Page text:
Unfortunately, enzymes do not “renature” once they have been heated to the point of thermal inactivation and later cooled. Enzyme denaturation can be likened to cooking an egg, since egg whites and enzymes are both proteins and denaturation is exactly what happens when eggs are cooked. This can be seen when the clear, liquid albumin of the egg irreversibly solidifies and turns opaque when cooked.
I think there are several things going on with this batch and brews like this in general. For starters, your mash temperature was really not that hot. According to Kunze’s Technology Brewing and Malting, alpha amylase remains active up to about 167 °F (75 °C) and begins to quickly lose ac-tivity at 176 °F (80 °C) when it denatures. So mashing at 160 °F (71 °C) is certainly not the end of the world, in fact Kunze cites the optimum temperature range for alpha amylase to be between 162–167 °F (72–75 °C), which is a bit higher than the average zeitgeist of today’s brewing collective. While 160 °F (71 °C) is too hot for beta amylase to survive for long (most sources indicate its denaturation temperature to be about 158 °F/70 °C), there will be enough activity with most of the highly enzymatic North American malts on the market these days to yield wort with normal fermentability.
Beyond the denaturation question, let’s consider what happens to wort after wort collection and boiling. Assume an infusion mash is used with a temperature of 154 °F (68 °C) and the wort is run to a kettle or holding vessel without a mash-off step. Also assume that the kettle or holding vessel is not heated until completely filled, not an uncommon scenario for many brewers who infusion mash. The wort in the kettle or holding vessel has a mixture of dextrins and active enzymes and wort fermentability can certainly change during this time period. This is especially true if the mash was short and the concentration of unfermentable dextrins is high at the beginning of this hold period; this is another example of Michaelis-Menten kinetics mentioned in the earlier question from Mark Sponer about sparging.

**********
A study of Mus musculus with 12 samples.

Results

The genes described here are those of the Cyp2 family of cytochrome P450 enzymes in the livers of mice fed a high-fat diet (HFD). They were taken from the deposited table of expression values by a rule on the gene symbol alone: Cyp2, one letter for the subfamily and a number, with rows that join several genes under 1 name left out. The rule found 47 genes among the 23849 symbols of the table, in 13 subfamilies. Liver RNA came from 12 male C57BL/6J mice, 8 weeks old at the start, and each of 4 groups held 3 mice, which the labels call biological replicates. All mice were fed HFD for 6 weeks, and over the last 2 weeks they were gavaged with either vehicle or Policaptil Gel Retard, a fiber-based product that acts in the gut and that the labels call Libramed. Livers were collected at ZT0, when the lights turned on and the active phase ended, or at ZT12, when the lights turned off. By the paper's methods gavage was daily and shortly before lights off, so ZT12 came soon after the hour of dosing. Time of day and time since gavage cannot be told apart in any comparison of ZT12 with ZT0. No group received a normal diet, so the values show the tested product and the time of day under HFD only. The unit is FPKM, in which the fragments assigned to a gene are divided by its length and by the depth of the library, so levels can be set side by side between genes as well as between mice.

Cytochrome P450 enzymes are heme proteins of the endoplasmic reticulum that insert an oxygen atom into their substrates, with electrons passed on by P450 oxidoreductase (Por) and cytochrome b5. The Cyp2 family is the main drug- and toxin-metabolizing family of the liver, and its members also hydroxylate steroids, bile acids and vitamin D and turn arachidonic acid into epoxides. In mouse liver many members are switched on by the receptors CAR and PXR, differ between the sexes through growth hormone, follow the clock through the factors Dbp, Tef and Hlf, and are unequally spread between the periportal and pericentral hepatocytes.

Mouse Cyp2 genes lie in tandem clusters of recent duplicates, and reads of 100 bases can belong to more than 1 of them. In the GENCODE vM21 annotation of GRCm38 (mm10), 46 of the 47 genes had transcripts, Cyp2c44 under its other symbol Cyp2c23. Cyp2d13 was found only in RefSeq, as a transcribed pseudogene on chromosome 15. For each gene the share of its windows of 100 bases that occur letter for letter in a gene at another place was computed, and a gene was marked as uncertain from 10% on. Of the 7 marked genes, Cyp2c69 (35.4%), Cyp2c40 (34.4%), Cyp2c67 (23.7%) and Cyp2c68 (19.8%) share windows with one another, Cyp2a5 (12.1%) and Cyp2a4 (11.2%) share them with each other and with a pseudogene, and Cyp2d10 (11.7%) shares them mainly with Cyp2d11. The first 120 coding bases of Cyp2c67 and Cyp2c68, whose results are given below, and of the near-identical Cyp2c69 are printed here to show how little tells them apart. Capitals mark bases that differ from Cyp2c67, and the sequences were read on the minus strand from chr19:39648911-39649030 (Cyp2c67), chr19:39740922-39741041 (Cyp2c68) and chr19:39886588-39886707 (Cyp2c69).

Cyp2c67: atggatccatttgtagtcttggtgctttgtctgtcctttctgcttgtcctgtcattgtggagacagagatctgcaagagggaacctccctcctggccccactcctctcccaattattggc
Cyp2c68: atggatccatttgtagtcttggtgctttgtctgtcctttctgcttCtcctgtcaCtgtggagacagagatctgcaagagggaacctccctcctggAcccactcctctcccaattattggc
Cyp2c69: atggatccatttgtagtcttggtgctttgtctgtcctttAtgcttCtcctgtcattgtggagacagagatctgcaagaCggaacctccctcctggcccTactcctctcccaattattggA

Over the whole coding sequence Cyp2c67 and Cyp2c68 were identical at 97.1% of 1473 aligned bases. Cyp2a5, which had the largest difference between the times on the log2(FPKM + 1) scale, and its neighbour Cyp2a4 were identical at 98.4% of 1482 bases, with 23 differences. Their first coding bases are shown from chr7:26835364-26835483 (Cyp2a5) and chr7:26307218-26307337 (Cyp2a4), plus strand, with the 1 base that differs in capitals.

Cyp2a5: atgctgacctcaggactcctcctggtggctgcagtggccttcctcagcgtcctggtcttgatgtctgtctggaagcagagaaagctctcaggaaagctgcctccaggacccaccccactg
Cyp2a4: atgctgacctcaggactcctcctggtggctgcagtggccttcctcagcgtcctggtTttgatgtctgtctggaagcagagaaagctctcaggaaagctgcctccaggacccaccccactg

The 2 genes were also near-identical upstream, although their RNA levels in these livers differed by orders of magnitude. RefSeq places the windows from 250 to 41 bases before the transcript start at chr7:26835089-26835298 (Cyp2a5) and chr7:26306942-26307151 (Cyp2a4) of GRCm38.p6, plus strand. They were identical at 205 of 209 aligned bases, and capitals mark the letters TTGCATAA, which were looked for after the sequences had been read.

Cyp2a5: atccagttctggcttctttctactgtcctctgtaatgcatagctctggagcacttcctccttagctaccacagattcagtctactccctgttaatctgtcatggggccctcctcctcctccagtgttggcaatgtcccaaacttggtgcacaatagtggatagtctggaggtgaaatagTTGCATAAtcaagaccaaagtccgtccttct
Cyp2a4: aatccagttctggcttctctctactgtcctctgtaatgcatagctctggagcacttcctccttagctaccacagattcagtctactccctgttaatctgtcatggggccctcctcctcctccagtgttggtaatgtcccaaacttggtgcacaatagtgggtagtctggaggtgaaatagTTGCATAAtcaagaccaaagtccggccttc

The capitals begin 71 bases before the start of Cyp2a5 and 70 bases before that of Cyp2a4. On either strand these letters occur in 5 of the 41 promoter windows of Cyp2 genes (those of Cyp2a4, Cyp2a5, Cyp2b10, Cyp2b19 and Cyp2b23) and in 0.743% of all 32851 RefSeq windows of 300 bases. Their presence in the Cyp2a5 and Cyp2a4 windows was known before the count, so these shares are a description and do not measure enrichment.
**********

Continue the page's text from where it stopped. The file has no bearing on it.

Now assume that the temperature in the kettle or holding vessel drops during this timeframe. Since the mash temperature in this hypothetical scenario was just a bit above the denaturation temperature of beta amylase and we have the possibility of a short mash, it is well within reason to expect some active beta amylase to end up in this container because enzyme denaturation takes time to occur, is influenced by enzyme concentration and is influenced by mash thickness and substrate concentration. So as the temperature drops below the denaturation temperature these remaining “native” enzymes (meaning that they are not denatured) remain active and continue producing maltose. This same logical argument about time and temperature is exactly the same reasoning that can be used to explain all sorts of things about brewing and food science, from pasteurization to staling.
There is a practical take-home message to this. The first is that brewing mistakes often are less catastrophic than they first may seem. In your case you thought you cooked your goose, so to say, and ended up with wort that was more fermentable than you expected. The second take-home message is that temperature measurement and control is pretty easy given the proper tools, and these are a good thermometer, reliable scale to weigh your malt and a reliable and accurate method of measuring water volume. As long as you know the temperature and weight of the two components of the mash (water and malt/grain) you can control your mash temperature and virtually eliminate losing sleep when the mash temperature is not on target.